A protester holds a sign with an image of George Floyd during a peaceful demonstration over George Floyd's death outside LAPD headquarters on June 2, 2020 in Los Angeles, California. California Governor Gavin Newsom has deployed National Guard troops to Los Angeles County to curb unrest which occurred amid some demonstrations. Former Minneapolis police officer Derek Chauvin was taken into custody for Floyd's death and charged with third-degree murder. (Photo by Mario Tama/Getty Images)
CNN Heroes: Coping with grief during turbulent times
01:19 - Source: CNN

Editor’s Note: Annette R. March-Grier is a registered nurse and the founder and president of Roberta’s House, a nonprofit grief support center for children and families in Baltimore, Maryland. In 2014, she was honored as a CNN Hero. The views expressed here are hers. Read more opinion on CNN.

CNN  — 

As anyone who has experienced grief can attest, it is a powerful emotion that can lead to productivity or destruction – depending on how it is managed.

Right now, millions of Americans are grieving. Covid-19 has already claimed the lives of over 100,000 Americans, and it’s taken the jobs of millions more. A disproportionate number of those impacted by covid-19 are African-American. And now many Americans of all colors are mourning the death of George Floyd at the knee of one former Minneapolis police officer who has been charged with second degree murder.

The result has been an explosion of grief throughout the country. Many have taken to the streets in protest, crying out for justice and sharing their unresolved and complicated grief for all the country to see.

Annette March-Grier

As the founder of Roberta’s House, a non-profit bereavement center in Baltimore that supports a largely African-American community and which serves over 4,000 individuals and families per year, I know the importance of working through grief. But just as critically, I know we must examine the driving causes of that grief – and take concrete steps to address them – so we can break these cycles of pain and loss.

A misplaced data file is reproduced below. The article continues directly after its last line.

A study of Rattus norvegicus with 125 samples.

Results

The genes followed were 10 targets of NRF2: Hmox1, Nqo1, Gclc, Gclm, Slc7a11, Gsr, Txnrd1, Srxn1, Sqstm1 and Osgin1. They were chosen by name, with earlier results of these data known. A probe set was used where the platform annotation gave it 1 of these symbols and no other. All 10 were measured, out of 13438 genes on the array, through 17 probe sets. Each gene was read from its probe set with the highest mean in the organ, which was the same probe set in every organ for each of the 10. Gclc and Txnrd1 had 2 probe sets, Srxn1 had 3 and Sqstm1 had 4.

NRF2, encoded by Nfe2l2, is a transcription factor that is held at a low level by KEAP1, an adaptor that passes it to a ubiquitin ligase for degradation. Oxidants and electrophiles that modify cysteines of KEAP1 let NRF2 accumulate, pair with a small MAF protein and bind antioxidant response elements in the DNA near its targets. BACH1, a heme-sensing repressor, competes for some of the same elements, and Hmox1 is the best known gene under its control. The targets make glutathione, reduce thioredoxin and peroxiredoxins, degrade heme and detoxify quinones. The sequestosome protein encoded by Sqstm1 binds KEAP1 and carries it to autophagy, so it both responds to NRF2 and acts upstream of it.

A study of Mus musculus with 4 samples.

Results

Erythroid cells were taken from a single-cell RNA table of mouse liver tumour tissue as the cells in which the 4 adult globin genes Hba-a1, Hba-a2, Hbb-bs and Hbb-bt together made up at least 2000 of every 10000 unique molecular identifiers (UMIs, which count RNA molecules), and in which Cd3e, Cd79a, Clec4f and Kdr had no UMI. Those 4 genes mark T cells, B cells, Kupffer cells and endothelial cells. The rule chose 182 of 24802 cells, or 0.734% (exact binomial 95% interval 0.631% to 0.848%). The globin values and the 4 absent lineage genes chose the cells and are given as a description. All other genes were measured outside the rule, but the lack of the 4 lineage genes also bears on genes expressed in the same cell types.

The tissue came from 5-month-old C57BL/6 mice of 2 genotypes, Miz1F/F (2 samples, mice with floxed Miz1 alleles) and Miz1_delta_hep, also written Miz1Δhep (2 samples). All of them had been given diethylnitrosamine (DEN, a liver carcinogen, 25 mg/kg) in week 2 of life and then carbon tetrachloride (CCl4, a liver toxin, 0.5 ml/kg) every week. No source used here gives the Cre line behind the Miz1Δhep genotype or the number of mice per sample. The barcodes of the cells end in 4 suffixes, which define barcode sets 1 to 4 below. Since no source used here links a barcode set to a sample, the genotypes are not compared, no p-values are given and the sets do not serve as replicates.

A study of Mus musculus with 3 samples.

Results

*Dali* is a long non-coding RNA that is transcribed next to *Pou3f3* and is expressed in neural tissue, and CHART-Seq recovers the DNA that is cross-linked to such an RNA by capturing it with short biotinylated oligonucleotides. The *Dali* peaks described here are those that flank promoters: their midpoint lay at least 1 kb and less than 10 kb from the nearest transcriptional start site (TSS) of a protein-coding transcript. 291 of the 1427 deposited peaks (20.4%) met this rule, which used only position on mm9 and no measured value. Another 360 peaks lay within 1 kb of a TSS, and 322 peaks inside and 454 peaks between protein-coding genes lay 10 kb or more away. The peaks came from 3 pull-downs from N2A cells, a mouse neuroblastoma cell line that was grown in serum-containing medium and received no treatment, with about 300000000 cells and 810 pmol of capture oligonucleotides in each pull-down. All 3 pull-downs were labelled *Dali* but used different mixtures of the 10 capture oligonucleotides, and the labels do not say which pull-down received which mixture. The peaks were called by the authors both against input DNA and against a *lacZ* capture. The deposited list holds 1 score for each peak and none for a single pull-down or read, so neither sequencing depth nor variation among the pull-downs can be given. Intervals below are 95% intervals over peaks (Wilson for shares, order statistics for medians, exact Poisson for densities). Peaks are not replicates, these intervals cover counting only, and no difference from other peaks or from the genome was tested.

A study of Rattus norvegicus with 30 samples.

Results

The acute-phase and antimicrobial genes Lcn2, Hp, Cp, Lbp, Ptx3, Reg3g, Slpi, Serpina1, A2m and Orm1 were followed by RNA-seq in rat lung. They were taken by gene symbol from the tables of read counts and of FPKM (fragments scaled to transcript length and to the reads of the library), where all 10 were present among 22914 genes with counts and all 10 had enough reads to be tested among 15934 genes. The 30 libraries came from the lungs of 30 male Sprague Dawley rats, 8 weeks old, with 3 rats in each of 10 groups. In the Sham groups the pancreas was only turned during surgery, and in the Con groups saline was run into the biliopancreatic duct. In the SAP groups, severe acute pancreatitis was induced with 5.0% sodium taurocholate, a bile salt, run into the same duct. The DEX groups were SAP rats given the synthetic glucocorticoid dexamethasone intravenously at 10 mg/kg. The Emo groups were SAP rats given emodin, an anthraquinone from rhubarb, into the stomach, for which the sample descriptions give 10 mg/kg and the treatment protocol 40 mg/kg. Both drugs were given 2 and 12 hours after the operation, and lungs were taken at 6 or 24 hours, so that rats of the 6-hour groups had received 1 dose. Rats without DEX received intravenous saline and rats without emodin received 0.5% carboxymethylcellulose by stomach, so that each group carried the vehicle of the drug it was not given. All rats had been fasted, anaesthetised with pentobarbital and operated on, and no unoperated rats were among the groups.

Covid-19 has exposed some of these drivers – including disparities in health care, income and education which had already weakened the resilience of those most underserved. Many of us are the essential workers. Many of us suffer from chronic diseases such as hypertension, heart disease and obesity, and too few of us have adequate health insurance. Here in Baltimore City – a predominantly African-American area – the mortality rate is 30% higher than the rest of Maryland.

Grief was already overwhelming in the African-American community well before the pandemic exposed these inequalities. And the trauma of witnessing a black man being murdered by a white police officer reminded us of the larger issue – the systemic racism permeating society. Some have compared it to a modern-day lynching.

So, how are we to respond? Grief can manifest as anger, rage, helplessness – even powerlessness. Anger is a powerful emotion. It can be uncontrollable at times, and especially for those who feel they have nothing left to lose.

The reason is simple. When we are unable to express and make meaningful sense out of our loss, we may eventually explode – and that explosion could be destructive. Whether it’s physical, emotional, or spiritual, the compounded pressure needs to be released.

The protest and rioting that has swept the country in the wake of the killing of Floyd isn’t just about the murder of one man. This reaction represents the fear for every black son, brother or father. This is shared grief – communal grief – as a result of a long history of trauma, loss, and suppression within the black community.

However, communal grief does not always have to be destructive if embraced by a society that shares compassion and forgiveness. Sobonfu Some, a notable voice of African spirituality, says, “Communal grieving offers something that we cannot get when we grieve by ourselves. Through acknowledgment, validation, and witnessing, communal grieving allows us to experience a level of healing that is deeply and profoundly freeing.”

Acknowledgment is the first step in reconciling with the loss, and our country is on the right path. We are turning this tragedy and communal grief into something potentially quite productive – and I remain optimistic.


    We are also constructing a new, full-service grief support center that will be completed in the fall of 2020 – the first to be founded by African Americans in the US. The new center will allow us to serve more with multiple support programs and individual counseling services.

    We aim to meet the unmet needs of an underserved, marginalized community addressing grief and loss. And we hope that by creating a space where those who are grieving can heal, we can begin to alter the course of the future – for the better.